A Cycle for Monitoring: The Responsive Leader in the Assessment for Learning Culture
“…we study learning in order to figure out how to teach…pedagogical documentation is the teachers’ story of the movement of children’s understanding…it is a research story…” (Wein, 2011)
SETTING THE CONTEXT
To move learning forward we need to be monitoring in an ongoing way – it is the foundation to each of the following stages of learning:
- We begin with knowing where our learners are in relation to the identified learning goals,
- Provide learners with multiple opportunities to practice new learning,
- Closely observe the learner’s thinking as apparent in conversations and demonstrations,
- Reflect on where the learner’s thinking is in relation to the learning goal
- Engage in “conversations” about that thinking in order to provide learners with feedback.
When we closely observe thinking, we are monitoring. Monitoring is not something that is “done to” the learner; it is “done with” the learner, alongside, asking questions, seeking new thinking, and providing feedback.
“We document not to merely record activities; but to mark events so that we might study and interpret their meaning. “We have always documented as a society – from cash register slips to medical records, family photo albums to report cards. But pedagogical documentation offers more than a record. It offers a process for listening to children learners, for creating artifacts from that listening, and for studying with others what children learners reveal about their competent and thoughtful views of the world. To listen to children learners, we document living moments with images, video, artifacts, written or audio recordings of what children learners have said, or other digital traces. These documented traces of lived experience, when shared with others, become a tool for thinking together. To hear others’ thoughts makes us realize there are many viewpoints.” Think, Feel, Act, 2013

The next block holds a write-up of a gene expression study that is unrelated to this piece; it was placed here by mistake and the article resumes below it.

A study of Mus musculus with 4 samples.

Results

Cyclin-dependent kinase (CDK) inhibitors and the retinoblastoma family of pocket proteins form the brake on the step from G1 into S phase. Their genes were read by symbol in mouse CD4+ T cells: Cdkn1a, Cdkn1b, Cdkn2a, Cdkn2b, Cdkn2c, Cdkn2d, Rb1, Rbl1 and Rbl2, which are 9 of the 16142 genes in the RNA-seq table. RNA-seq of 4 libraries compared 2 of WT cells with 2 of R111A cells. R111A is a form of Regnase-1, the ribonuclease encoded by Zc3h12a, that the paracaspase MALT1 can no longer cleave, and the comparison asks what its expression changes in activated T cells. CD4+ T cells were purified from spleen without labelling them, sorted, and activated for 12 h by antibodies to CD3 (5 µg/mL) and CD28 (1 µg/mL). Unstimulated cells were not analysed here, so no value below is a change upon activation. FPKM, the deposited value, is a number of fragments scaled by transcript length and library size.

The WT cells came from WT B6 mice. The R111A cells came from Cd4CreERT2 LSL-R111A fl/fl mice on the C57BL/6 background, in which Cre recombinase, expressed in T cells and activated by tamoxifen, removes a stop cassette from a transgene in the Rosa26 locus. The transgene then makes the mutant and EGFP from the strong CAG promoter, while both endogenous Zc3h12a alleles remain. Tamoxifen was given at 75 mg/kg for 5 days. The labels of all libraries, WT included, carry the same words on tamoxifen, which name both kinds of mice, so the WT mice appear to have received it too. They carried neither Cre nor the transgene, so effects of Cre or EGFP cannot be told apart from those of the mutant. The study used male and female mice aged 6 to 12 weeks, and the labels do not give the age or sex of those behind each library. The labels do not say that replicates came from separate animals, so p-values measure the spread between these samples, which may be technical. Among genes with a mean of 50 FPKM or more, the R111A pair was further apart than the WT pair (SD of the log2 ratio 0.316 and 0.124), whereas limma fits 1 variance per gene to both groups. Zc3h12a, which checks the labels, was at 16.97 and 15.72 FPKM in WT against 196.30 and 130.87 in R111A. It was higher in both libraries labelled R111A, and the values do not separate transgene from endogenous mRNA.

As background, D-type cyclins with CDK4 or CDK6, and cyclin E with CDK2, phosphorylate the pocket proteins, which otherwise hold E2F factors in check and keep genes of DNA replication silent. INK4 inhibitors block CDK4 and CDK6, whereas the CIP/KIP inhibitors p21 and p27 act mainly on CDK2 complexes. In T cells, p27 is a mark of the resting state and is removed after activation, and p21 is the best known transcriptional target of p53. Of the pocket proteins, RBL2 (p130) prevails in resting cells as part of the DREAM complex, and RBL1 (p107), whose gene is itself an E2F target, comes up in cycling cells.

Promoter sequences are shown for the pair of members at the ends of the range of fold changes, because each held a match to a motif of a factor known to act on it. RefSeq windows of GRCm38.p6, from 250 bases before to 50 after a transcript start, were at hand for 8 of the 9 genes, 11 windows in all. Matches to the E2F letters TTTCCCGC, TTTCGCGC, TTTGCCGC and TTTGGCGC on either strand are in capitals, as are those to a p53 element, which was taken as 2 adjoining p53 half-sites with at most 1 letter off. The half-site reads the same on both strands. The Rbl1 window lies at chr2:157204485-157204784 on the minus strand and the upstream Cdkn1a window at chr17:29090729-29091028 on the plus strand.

Remember…documentation doesn’t become “pedagogical” until we engage in analysis and meaning making…as this is the piece that helps us to determine the thinking of the learner and subsequently, allows us to respond.
Monitoring should be occurring naturally in your school – both within classrooms and the school as a whole. When we monitor, we are collecting “feedback” (in many different forms – documenting conversations, observations and demonstrations) about where the learners are in their progression towards the desired goal. We then respond (clarify, challenge, extend, etc.) and the cycle begins again.
What are we monitoring? When we monitor, we are seeking evidence/artifacts of our success criteria in action in our learner’s practices. We know that we have generated success criteria for our theory of action; the artifact/evidence should reflect or support one or more of these criterions – which is why we want to capture it. If our success criteria are too broad, we may not know what to collect evidence/artifacts of!
These artifacts can be conversations, observations, and demonstrations. When a conversation, observation or demonstration provides us with insights into the degree of success of our goal/theory of action, we want to document this artifact.
This documentation can take many forms (a video, a written record, etc). This documentation is only valuable however, if we actually act upon it.
So, we need to be able to describe what we have seen/heard, then engage in analyzing what our documentation is telling us and reflect on what we saw, hear or observed – what we have captured in our documentation. This then leads us to wonder, to ask questions, and to generate theories about where our learners are in relation to the theory of action. We will likely need to consult some research to help to clarify and extend our thinking.
Once we have our theories, we need to think about how we can respond to this…how we can move our teachers’ thinking forward? We then begin the process again…Below are some questions that we are working with to help us in this process.